This month’s guest post is contributed by Dannie Piezas, Environmental Educator with the Stanley Park Ecology Society (“SPES”)
Vancouver Bird Week 2019
There are few creatures in nature that are quite as inspiring as birds.
They are, first of all, quite easily noticed with their striking plumage, flying ability, musical language, and their widespread presence across the landscape. These qualities, and their sometimes peculiar antics, lend themselves to some level of admiration—whether to bird nerds or the bird-curious. Less often, they might be the cause of aversion or even fear, especially around the nesting season when crows might bring to mind an infamous (and over-the-top) scene from Hitchcock’s The Birds.
However, there is so much more to birds than their pretty colours and occasional dive-bombing. From May 11-17, Vancouver takes a closer look at the birds in our neighbourhood during the 2019 Vancouver Bird Week, a week-long series of events celebrating our 250+ species of birds. Bird Week offers something for everyone, from experienced bird experts to fledgling beginners. Events include bird “language” training, a hawk and owl show, a bird photography workshop, a wing taxidermy workshop, a bird walk for hipsters, and many more. Most events are free.
Stanley Park Ecology Society (SPES) coordinates Bird Week this year and offers its own set of bird-themed programs around Stanley Park, including the opening “Take-off” event on Saturday, May 11th at Lost Lagoon from noon to 4:00pm. Don’t miss the parade of costumed “birds” along the Lagoon at 3:00pm.
History of Bird Week
Bird Week started as just one day first celebrated in Vancouver on World Migratory Bird Day (WMBD), May 11, 2011. WMBD is a United Nations-sponsored initiative that recognizes the importance of birds as key indicators of our environment’s health (like the canary in the coal mine). Vancouver and its week-long bird festival are ideally situated to showcase birds and raise our awareness about them: the region lies on the Pacific Flyway, a major north-south route for migratory birds in the Americas, from Alaska and our northernmost territories, down to Patagonia. The Arctic Tern is one of our seasonal visitors that migrates from the Arctic to Antarctic each year; imagine their need for good rest stops along the way! Because such birds touch down in so many places, their impact is felt across various parts of the world, and it’s vital to conserve their habitat all along their migration routes.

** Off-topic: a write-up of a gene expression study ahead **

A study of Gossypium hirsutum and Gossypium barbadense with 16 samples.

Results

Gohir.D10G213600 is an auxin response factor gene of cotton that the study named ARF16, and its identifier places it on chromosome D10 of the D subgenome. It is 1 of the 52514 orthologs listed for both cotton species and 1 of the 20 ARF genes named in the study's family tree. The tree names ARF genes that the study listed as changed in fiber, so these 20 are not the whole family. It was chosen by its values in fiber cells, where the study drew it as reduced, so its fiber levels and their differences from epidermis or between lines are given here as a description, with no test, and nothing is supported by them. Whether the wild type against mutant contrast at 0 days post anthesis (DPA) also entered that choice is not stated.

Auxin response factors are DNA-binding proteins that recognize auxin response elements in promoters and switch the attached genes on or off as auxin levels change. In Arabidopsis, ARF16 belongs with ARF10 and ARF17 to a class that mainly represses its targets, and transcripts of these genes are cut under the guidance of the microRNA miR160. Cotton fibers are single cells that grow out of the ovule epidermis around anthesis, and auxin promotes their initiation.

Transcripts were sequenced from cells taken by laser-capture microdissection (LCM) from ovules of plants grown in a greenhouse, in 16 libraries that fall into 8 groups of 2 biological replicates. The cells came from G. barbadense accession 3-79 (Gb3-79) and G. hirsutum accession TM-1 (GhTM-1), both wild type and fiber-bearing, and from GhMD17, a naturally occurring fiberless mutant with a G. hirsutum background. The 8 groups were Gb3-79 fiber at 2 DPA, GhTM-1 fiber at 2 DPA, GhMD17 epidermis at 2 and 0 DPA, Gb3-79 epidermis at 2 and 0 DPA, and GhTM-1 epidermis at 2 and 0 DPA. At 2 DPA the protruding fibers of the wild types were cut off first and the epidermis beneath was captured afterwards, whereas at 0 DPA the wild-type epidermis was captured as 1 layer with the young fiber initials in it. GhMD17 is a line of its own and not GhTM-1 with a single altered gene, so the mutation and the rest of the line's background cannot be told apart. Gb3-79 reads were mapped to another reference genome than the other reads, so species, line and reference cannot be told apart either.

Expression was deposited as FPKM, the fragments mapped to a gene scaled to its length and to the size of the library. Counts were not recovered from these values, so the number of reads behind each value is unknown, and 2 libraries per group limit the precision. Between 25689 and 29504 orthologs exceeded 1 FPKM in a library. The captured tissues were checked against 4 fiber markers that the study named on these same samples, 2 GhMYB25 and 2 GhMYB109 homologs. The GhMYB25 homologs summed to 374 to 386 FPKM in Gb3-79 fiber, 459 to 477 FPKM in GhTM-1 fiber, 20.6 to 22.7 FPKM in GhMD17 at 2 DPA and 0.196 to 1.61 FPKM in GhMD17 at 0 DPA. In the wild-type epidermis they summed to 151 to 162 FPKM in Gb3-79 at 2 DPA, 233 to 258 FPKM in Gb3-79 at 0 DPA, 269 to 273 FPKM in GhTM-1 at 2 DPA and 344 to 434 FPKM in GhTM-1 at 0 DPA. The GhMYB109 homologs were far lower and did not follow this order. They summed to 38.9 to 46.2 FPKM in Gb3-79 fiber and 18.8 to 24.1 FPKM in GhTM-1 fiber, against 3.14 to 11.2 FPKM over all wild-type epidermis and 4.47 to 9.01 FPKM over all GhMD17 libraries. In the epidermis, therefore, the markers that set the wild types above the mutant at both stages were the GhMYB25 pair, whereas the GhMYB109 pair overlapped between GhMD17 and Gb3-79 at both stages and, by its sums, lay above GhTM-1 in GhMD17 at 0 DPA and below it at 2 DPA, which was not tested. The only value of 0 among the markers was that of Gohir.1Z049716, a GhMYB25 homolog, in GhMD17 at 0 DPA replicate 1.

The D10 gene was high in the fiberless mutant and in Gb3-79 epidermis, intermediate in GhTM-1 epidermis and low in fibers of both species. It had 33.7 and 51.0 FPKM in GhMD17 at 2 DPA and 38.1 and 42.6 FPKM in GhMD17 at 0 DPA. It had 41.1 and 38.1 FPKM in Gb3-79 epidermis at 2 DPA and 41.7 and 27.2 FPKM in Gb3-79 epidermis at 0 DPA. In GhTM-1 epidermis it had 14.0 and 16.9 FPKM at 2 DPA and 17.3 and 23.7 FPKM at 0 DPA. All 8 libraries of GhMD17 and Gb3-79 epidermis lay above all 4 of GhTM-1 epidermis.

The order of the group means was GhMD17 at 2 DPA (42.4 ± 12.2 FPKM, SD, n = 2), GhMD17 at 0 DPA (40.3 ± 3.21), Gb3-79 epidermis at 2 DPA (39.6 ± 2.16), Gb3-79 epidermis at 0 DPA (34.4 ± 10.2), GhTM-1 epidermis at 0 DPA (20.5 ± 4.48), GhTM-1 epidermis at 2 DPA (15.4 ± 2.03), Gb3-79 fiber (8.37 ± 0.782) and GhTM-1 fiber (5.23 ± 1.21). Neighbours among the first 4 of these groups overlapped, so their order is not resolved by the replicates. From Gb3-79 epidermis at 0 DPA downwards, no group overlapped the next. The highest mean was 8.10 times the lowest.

Benefits of Birds
Birds affect ecosystems and provide multiple benefits to humans, in the way they spread seeds, pollinate flowers, and feed on pests like insects and rodents. They also provide habitat for other animals; woodpeckers, for example, create cavities that can then be used by owls, wood ducks, and squirrels.
Birds are incredibly diverse, not just in appearance but in their feeding and habitat preferences. We find them in trees and bushes, on water, on grassy lawns, and even in the most urban environments. They provide something like a treasure hunt opportunity that is not unlike the recent phenomenon of Pokémon Go, which is pretty much birdwatching but on a tiny screen.
Besides all that has been said, birds have always been of great spiritual and poetic significance to humankind—a gateway to the transcendent. With their grace for flight, they are like mediums: connecting heaven to earth, country to country, habitat to habitat, and urban to wild. Watching them closely stirs a myriad of questions about things outside of ourselves, especially the natural world and its wellbeing. Let Hollywood slasher film director Wes Craven sum it up like so:
Like the canary in the mine, [birds] hold the planet up to us like a mirror and ask: “Can you not see that if we pass away, soon you will as well?” That’s a good question, and since birds pose it, they matter a lot.
Vancouverites can follow all the updates and events of Vancouver Bird Week through the official website, Facebook page, Twitter account, and Instagram account.
About SPES Saturday
As a member of the Stanley Park Ecology Society, I wanted to offer the organization an opportunity to share their news, events, and work so I created the “SPES Series” years ago. This is where SPES can contribute and share stories with my audience once a month. Follow SPES on Facebook for more information.